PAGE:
Mobilizing citizen donors worldwide to support the global movement for educational equity.


Our local partners are on the ground providing life-changing services to vulnerable and marginalized children.




MAPS has been working in the education sector since 2012, focusing specifically on the importance of primary education. MAPS has done hundreds of workshops, seminars and community sessions on education, children enrollment & eradication of child labor. They are running a project from 2016 in which they are providing the opportunities for child laborers to get educated,

The project they have designed, “Digital Street School” will aim to identify victims of child labor who aren’t able to attend school and learn via the typical schooling system. They will establish a school where they’ll engage a specific community & teach them primary educations via digital learning system (i.e. Tablets, Laptops, Multimedia).


Hope and Dreams Initiative


Hope and Dreams Initiative focuses on a deep, systemic transformation within schools in underserved areas in Nigeria that will increase school performance, knowledge, attitudes, and practices regarding menstrual health among girls in public schools. Hope and Dreams Initiative is taking one child, one school and one community at a time to ensure that no girl misses school because of lack of sanitary pads, no child finishes secondary school and can’t read or write, and no child leaves schools without knowing basic hygiene practices.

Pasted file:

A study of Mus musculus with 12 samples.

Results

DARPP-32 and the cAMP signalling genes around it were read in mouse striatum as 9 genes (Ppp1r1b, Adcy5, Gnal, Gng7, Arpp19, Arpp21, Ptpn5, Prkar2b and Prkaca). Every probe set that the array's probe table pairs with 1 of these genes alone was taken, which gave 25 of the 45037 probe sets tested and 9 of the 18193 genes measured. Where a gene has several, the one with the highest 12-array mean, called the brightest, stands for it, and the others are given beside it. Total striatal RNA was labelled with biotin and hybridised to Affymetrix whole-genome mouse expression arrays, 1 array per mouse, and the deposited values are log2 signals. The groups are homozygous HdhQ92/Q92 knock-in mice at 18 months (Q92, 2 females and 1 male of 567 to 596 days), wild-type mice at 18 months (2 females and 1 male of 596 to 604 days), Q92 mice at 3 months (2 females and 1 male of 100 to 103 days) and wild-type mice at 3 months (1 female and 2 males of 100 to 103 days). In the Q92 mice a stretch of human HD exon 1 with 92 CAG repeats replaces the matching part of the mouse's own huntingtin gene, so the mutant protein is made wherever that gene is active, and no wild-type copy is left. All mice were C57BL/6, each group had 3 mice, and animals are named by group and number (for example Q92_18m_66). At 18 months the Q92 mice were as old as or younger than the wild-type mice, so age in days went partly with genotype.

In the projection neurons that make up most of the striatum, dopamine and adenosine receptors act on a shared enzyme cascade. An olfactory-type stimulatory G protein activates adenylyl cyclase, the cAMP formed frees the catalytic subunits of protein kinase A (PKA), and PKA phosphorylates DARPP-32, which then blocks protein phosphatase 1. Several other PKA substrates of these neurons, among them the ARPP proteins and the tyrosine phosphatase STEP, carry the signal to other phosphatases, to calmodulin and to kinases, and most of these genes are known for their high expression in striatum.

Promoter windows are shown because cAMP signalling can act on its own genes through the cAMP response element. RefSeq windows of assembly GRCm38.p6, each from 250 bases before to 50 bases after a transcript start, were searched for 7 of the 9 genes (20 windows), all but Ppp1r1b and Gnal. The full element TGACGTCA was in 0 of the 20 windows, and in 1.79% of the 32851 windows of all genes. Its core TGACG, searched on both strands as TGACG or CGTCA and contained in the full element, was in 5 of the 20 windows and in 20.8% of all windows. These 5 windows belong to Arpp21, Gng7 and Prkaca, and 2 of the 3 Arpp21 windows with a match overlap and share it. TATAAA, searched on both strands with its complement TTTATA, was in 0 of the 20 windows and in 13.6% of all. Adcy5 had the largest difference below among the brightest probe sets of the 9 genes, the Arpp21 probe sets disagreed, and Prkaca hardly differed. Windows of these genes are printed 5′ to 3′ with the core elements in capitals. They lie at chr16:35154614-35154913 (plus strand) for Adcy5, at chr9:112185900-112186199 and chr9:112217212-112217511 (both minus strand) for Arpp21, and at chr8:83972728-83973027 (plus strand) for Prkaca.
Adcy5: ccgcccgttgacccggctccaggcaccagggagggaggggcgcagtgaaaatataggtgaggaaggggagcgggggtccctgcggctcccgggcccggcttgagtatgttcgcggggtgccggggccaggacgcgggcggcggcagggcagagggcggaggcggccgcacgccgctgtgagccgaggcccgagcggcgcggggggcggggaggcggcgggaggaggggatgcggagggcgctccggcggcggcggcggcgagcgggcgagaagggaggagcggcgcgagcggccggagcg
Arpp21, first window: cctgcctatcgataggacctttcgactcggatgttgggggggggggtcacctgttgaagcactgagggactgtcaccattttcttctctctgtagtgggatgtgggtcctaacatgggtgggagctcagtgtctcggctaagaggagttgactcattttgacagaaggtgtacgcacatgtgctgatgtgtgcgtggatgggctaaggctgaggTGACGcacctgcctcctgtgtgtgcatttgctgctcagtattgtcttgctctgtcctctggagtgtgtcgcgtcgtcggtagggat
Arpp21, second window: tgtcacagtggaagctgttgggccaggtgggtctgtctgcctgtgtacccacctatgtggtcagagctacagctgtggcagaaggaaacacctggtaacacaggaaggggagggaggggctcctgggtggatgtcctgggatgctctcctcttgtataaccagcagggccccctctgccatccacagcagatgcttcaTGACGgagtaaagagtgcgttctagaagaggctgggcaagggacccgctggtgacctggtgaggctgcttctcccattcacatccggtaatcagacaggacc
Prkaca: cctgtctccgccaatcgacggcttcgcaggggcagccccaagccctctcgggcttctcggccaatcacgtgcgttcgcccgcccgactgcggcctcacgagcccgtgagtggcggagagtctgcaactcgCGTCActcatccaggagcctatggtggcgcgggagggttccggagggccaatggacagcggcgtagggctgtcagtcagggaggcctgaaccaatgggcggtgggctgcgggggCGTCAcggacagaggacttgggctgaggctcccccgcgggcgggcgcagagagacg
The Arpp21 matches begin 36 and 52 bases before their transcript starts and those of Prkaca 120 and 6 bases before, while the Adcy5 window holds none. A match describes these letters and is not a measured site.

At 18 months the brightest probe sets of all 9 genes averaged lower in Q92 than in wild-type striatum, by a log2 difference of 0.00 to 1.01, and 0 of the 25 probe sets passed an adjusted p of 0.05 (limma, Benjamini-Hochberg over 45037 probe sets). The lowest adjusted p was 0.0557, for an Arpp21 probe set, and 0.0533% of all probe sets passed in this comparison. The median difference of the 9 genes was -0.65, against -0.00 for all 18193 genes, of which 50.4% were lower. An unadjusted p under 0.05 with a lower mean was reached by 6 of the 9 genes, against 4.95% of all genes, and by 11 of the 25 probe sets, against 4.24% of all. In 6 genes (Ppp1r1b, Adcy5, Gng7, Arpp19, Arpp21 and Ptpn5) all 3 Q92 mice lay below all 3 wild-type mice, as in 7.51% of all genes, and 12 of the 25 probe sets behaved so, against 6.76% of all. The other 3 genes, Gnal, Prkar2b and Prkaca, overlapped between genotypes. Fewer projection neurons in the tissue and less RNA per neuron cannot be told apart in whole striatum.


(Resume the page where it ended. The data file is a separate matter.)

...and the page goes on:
Kitabu Buk Project


The words Kitabu- Buk are from the Swahili dialect- “Kitabu” meaning book and the luo dialect, “Buk” meaning book. It is literally a book to book project. The concept of the organization is that those who have excess new or old text books that they are not using, should donate them to others who cannot afford. It started on 12th August, 2014. They have changed the lives of over 500 students in these schools this year.


Project Kakuma


The Kakuma project is a group of more than 280 teachers from 60 countries over 6 continents willing to offer free education via Skype. This project was set up in April 2015 when the team sent some laptops to the Kakuma Refugee Camp (Kenya) and started to teach via Skype. Imagine up to 200 students taking a look at one single laptop screen. They offer knowledge (Maths, Science, English, Religion) to the refugees. This project allows students from across the world to connect with refugees which gives them a the right perspective of refugees' lives. Students from 6 continents are able to have a chat about culture, hobbies, habits and religion. This intercultural exchange has allowed teachers to bring empathy into their classrooms.